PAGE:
Saturday, December 10, 2016

Coil Pots

It doesn't matter how old or young students are, they all seem to really love clay. When they walk into the art room and see it set up for ceramic exploration you hear "YESSSS!", "YAY!", and "WHAT ARE WE MAKING?!" They can't wait to find out when they get to take it home, even before anything has been made! Yes, clay projects truly are that exciting!

Our super lucky 4th graders recently explored coil pots! This was a first, both for them and for me. I'm not the best coil maker in the universe, and I've never taught a class how to make a coil pot. I tend to plan one day ceramic projects because keeping them moist enough to continue working on days later is tough to do in my space. I was a little concerned about how much we could accomplish in a 40 minute class, but they really rocked it!

Before students arrived, I used my brand new handy dandy slab roller (it's so awesome and saves so much time prepping clay!!!!) to prep bases for the coil pots. Art helpers punched out circular discs using plastic Wilton cookie cutters. 4 "clay cookies" were placed on the top of a stack of 4 canvas boards (one for each student at each table in the room). I prepped tabletop trashcans with clay tools for scoring and water dishes to share with elbow partners. 

We viewed and discussed various examples of coil pots, looking for ideas. After a quick demo of how to make a coil, how to score and slip it to build upwards from the slab base, and how to sign the bottom, it was time for the 4th graders to dive in! They couldn't wait to get started!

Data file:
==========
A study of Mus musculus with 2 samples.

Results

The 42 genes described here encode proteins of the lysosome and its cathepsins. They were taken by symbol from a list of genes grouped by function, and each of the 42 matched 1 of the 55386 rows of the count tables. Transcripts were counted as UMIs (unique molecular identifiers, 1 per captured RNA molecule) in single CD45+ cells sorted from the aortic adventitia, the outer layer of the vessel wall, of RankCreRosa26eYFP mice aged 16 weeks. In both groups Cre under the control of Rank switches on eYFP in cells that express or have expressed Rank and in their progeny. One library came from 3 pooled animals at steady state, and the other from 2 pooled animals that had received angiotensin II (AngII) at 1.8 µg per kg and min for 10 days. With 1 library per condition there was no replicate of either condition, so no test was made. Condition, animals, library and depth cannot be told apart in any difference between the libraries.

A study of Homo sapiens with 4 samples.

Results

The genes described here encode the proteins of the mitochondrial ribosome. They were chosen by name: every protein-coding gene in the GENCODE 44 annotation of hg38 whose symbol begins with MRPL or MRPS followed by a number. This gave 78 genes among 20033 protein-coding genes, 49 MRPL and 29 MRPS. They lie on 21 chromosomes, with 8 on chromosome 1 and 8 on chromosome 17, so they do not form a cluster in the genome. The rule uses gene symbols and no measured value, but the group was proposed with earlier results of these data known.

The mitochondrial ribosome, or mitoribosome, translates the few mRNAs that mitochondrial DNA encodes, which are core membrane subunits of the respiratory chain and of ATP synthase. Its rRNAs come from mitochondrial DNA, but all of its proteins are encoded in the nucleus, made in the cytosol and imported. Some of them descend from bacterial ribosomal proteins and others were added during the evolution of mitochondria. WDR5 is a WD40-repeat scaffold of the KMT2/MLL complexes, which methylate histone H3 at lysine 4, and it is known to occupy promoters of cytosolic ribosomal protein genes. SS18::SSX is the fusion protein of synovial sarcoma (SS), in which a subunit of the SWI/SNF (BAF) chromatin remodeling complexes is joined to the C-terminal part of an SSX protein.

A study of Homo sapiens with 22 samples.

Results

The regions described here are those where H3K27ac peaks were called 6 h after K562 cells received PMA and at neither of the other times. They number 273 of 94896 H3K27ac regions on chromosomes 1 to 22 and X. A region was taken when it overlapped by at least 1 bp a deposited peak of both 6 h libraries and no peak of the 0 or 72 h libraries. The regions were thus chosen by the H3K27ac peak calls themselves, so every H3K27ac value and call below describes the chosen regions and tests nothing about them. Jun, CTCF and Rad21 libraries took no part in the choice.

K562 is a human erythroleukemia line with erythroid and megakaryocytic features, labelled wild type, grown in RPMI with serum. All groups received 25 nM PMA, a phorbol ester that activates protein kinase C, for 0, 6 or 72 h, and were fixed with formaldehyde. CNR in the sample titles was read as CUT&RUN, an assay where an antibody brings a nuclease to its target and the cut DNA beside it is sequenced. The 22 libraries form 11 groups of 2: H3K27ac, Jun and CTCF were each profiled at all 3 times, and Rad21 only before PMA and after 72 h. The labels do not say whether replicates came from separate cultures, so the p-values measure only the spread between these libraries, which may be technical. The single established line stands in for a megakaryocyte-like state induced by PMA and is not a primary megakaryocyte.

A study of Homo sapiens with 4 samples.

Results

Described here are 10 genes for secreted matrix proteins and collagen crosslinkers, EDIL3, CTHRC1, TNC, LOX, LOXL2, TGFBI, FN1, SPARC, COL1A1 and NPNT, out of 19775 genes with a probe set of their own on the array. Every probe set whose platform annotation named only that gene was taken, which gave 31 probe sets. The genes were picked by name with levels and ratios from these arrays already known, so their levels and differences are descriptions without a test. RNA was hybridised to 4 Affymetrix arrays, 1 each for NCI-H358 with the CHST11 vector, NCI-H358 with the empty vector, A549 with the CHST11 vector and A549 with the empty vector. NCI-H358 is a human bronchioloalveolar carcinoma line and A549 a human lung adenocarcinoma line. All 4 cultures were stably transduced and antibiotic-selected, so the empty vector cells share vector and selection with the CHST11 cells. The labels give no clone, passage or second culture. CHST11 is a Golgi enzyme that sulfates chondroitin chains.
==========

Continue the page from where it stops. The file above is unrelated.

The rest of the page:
Some chose to build straight up using coils, attempting to make their coil pot as tall as possible. 

Some made tiny coil swirls to sit upright atop the larger coils as they built upward. 

Others made beads of clay to add to their mix of coils for an extra bit of fancy!

We waited for them to dry on the clay cart for a few days. Any moisture in the clay could cause them to explode in the kiln, so we tried to be patient. Students are typically pretty proud of clay projects. They're treasured and students save them forever!

A retiring teacher gifted me this old media cart a few years ago, which has been absolutely perfect for storing glaze! I arrange them like soup cans on a store shelf. Glazes are easy to find and return to their spots, I can wheel it anywhere I need it to be, students can walk around it. It's pretty sweet. Opened containers have a sharpie "O" on the top so students know which are ready to use and which are not. If they want to know what a glaze looks like after firing (because they're mostly pastel and boring straight from the jar) there are glazed tile examples hanging from the side that are labeled so they can find the colors of their dreams!

Since brushes aren't always rinsed as well as they should be, we pour tiny amounts of glaze into glaze/paint dishes. This way the glazes in the jars aren't contaminated by other colors from dirty brushes. 

Students worked to glaze their pots, filling in all of the nooks and crannies.

They needed 3 layers of glaze for rich color and glossy shine.

Some used one color for the entire pot, while others really mixed it up by trying several. They're all so different!

I absolutely love opening the kiln after a glaze firing. I love the color and the tings and crackles of cooling ceramics. After cooling for a day, I removed them and put the coil pots in the hall display. 

Students and teachers have stopped to admire their work, and the kids can't wait to take them home! I've promised to return them before Christmas break!

Older students have asked who made them, can they make them too? We will definitely be exploring coil pots again soon!